An Author Correction to this article was published on 09 May 2023


Fig. 2: National models of climate governance.
Fig. 3: Association of models of governance with climate policy ambition and performance.
Fig. 4: Sectoral coverage by national model of climate governance.
Fig. 5: Models of climate governance.


The dataset is available as Supplementary Data. The data are formatted for Microsoft Excel and include both our original datasets on climate institutions and sectoral scope as well as the third-party data on climate policy ambition and performance described in Methods. We describe the coding scheme for the original dataset in Supplementary Discussions 1 and 2 and in the Supplementary Data file.

Code availability

We will provide the code for the hierarchical cluster analysis upon request.

Change history



Author information

Authors and Affiliations



J.M. and J.G. conceived the study. J.G. led the development of theory and corresponding operationalization/measurement strategy, with the guidance of J.M. J.G. supervised and contributed to the data collection process. J.M. guided data collection. E.S. designed the methodology, executed the data analysis and produced all tables and figures. J.G. and J.M. contributed equally to the drafting of the manuscript. E.S. contributed to writing and editing.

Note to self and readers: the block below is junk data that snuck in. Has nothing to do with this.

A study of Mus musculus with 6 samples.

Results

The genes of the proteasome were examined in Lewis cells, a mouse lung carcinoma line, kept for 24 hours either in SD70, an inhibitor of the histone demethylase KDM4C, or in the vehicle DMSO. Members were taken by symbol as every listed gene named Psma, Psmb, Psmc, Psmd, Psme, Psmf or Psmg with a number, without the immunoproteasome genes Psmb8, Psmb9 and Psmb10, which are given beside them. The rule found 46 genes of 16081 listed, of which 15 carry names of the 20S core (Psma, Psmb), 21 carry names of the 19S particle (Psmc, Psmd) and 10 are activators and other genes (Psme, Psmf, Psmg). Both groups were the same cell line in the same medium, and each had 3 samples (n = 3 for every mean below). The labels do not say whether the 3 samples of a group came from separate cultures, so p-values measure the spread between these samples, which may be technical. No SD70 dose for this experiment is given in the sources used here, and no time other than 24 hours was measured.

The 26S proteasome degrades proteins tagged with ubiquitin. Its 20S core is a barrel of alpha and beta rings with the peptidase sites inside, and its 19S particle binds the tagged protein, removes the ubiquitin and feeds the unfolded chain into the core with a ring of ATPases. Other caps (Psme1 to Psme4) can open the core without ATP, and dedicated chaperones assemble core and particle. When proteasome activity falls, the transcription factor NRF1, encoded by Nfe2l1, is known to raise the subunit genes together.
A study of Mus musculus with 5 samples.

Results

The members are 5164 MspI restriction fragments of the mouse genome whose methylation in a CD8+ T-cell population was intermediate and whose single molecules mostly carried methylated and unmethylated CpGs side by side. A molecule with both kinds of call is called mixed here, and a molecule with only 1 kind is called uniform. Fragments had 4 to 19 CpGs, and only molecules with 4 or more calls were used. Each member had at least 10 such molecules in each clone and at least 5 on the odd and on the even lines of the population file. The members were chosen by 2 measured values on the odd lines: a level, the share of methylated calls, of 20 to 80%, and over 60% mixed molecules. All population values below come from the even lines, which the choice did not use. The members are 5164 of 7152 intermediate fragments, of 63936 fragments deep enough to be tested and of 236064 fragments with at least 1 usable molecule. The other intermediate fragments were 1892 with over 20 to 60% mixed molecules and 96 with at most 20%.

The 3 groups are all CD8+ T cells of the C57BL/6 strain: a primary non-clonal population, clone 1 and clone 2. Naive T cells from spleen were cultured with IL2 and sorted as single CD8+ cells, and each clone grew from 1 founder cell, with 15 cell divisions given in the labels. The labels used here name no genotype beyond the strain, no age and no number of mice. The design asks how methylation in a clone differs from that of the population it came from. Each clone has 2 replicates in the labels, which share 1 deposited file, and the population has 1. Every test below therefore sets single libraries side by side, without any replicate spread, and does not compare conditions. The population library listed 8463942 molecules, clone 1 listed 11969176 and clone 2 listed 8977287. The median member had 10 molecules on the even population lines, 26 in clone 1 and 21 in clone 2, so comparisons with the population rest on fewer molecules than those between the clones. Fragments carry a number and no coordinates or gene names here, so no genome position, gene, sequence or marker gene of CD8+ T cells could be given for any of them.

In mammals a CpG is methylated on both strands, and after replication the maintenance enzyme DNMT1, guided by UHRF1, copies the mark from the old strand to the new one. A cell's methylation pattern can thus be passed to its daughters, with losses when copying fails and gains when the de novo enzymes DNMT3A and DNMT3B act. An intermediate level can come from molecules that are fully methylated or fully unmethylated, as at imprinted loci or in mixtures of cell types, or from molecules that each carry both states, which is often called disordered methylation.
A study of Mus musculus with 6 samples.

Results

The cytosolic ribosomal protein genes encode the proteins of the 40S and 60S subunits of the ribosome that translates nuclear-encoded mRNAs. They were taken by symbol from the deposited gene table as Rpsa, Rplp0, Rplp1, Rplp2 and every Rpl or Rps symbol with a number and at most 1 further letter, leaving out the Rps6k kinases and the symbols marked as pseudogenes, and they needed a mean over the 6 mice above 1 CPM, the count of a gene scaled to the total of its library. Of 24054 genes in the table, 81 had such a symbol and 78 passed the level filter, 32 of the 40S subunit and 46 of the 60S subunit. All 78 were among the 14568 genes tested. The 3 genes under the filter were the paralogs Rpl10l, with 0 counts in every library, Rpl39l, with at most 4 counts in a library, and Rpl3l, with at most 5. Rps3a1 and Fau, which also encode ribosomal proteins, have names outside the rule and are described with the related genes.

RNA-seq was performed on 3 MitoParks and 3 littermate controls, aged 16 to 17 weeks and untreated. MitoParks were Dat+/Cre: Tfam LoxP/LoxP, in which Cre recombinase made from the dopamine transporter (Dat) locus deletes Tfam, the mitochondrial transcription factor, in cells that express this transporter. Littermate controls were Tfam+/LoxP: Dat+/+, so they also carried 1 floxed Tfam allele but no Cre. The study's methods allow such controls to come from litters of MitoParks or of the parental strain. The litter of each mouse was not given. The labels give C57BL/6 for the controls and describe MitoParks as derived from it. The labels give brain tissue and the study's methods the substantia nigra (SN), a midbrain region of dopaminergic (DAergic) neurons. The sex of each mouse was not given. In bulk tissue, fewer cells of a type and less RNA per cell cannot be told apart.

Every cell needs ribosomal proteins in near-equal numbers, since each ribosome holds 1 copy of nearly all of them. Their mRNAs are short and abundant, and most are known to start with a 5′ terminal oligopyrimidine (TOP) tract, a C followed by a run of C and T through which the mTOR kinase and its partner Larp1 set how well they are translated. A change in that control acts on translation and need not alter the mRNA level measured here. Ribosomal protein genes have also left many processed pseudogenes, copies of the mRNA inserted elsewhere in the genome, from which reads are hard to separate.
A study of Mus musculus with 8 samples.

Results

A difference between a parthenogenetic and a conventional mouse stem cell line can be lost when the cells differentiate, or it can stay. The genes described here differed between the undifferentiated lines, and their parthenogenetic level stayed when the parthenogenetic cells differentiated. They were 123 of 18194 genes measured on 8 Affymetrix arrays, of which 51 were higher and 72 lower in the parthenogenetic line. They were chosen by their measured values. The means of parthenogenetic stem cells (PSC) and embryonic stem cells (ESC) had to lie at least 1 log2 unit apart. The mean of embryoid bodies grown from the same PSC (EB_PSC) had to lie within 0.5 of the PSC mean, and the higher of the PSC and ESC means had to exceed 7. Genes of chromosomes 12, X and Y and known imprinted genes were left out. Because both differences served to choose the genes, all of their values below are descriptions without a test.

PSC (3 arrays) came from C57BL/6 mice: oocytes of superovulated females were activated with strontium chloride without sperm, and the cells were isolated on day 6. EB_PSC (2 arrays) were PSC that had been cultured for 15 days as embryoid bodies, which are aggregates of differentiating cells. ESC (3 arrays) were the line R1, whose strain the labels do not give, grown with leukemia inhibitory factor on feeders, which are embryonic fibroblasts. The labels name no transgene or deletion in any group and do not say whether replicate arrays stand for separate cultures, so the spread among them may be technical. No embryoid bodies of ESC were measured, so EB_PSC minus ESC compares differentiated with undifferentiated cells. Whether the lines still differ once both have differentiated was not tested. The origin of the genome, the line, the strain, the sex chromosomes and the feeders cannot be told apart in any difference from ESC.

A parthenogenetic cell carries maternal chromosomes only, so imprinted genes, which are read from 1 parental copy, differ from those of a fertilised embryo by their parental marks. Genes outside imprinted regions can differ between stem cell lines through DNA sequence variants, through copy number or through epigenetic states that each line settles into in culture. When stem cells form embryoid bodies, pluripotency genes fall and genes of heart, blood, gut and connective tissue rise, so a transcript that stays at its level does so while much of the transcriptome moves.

Corresponding author

Correspondence to Jonas Meckling.


Peer review

Peer review information

Nature Climate Change thanks Shaikh Eskander and the other, anonymous, reviewer(s) for their contribution to the peer review of this work.


Extended Data Fig. 1 Dendrogram for clustering.

Colours indicate different cluster groups: Climate Technocracies (blue), Carbon Fragmentists (grey), Carbon Centralists (red) and Climate Developmentalists (yellow).

Supplementary information

Supplementary Information

Supplementary Discussions 1–3, Tables 1–17.

Reporting Summary

Supplementary Data 1

Original and third-party data used in the analysis.